Archive for June, 2015
June 14, 2015
The tragic death of Beau Biden has put a spotlight on his brief and distinguished career. As Attorney General of Delaware, Biden oversaw the prosecution of pediatrician Earl Bradley in what many consider the most horrific child sexual-abuse case in state history. There were more than 100 victims; their average age was three and Dr. Bradley videotaped the abuse. He was convicted of fourteen counts of Rape in the First Degree and sentenced to fourteen life sentences. Beau Biden became a strong advocate of raising awareness about the sexual abuse of children. The Biden family recently created a foundation to continue this cause.
The Bradley case is notable for three reasons beyond the lurid details that have received the most attention. First, the case demonstrates the widespread problem of non-disclosure by children who have been sexually abused. The videotapes document more than 100 victims, very few of whom ever came forward in any way that has been documented. This includes children who had been choked or suffocated and subject to extreme sexual violence. Those who promote the witch-hunt narrative continue to reject the initial precepts of child abuse accommodation syndrome, asserting instead that delayed disclosures of sexual abuse are somehow unusual or suspect. This case illustrates the folly of those claims.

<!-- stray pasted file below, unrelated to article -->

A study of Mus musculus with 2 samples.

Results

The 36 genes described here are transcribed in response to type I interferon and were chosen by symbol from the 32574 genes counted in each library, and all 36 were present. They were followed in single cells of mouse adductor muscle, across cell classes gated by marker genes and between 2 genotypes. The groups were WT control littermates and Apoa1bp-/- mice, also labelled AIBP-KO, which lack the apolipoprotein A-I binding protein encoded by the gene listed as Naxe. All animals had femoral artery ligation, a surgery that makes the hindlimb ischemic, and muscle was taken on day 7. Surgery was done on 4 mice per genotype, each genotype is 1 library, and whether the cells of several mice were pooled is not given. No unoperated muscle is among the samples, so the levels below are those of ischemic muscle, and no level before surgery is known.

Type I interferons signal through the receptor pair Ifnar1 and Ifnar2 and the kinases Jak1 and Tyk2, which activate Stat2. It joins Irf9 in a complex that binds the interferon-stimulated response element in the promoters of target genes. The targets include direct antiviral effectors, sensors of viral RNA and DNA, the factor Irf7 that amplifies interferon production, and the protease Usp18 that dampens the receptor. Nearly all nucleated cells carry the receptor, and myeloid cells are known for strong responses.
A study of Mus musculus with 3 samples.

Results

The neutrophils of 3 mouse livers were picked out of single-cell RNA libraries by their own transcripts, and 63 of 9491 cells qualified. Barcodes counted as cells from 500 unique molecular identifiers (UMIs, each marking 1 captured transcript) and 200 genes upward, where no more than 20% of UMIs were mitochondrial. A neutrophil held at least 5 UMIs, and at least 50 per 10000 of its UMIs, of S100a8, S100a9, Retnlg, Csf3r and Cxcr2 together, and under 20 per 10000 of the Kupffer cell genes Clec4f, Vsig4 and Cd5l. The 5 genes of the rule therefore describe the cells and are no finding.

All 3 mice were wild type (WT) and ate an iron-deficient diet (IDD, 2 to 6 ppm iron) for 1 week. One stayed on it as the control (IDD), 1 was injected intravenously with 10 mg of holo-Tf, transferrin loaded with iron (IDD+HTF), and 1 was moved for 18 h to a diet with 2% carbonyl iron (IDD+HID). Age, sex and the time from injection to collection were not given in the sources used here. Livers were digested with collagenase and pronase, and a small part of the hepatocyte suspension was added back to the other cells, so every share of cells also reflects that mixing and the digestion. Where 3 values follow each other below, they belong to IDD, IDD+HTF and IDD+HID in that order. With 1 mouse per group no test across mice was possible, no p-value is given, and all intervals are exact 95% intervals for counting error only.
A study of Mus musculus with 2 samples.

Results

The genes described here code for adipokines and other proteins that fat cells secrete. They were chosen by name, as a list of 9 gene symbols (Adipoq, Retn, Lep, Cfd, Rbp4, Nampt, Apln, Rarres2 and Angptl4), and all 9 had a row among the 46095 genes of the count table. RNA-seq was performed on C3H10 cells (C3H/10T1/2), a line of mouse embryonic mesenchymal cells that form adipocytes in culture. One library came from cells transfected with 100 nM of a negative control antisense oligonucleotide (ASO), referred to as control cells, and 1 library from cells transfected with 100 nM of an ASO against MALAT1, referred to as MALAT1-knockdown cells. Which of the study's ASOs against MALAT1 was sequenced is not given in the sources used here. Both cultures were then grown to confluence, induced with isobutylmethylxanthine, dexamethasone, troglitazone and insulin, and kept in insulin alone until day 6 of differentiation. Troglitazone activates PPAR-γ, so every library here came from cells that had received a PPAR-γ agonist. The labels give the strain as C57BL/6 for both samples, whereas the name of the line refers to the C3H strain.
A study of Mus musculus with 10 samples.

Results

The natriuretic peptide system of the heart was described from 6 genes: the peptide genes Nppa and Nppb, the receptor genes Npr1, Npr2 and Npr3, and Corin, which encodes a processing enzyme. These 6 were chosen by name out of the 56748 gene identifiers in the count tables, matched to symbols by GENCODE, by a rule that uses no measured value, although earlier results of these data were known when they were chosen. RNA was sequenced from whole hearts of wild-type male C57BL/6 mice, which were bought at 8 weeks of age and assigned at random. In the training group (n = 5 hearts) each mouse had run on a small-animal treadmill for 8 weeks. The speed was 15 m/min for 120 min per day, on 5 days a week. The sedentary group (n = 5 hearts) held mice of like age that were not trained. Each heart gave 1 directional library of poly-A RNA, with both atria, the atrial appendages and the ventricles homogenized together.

June 3, 2015
A Texas appellate court recently decided that Francis and Daniel Keller should not be declared innocent of child sexual-abuse charges from 1992. Those who promote the witch-hunt narrative have responded in high dudgeon. But their accounts of the case, like Radley Balko’s treatment in the Washington Post, are wrong in every particular. Specifically:
(1) The Kellers were never charged with, let alone convicted of, satanic ritual abuse. As explained in this article in the Huffington Post last July, those issues arose after the case was charged and involved children who were not part of the charges. The only reason those issues came into the Keller case is because the defense brought them up.
(2) Dr. Mouw’s “recantation” did not negate all of the medical evidence of abuse in the case. As anyone who bothered to read his affidavit can see, Dr. Mouw still admits that the original girl in this case had a tear in her vagina. Cathy Young has dismissed this evidence with the wild assertion that vaginal tears are normal in non-abused children, but virtually all research of “normal” genitals contradicts this claim. The Keller case began with a genital injury that Dr. Mouw does not deny. His “recantation” of the other finding strains credulity. It relies on the claim that Dr. Mouw had a clear recollection of this genital exam many years after he testified that he had absolutely no recollection of the exam.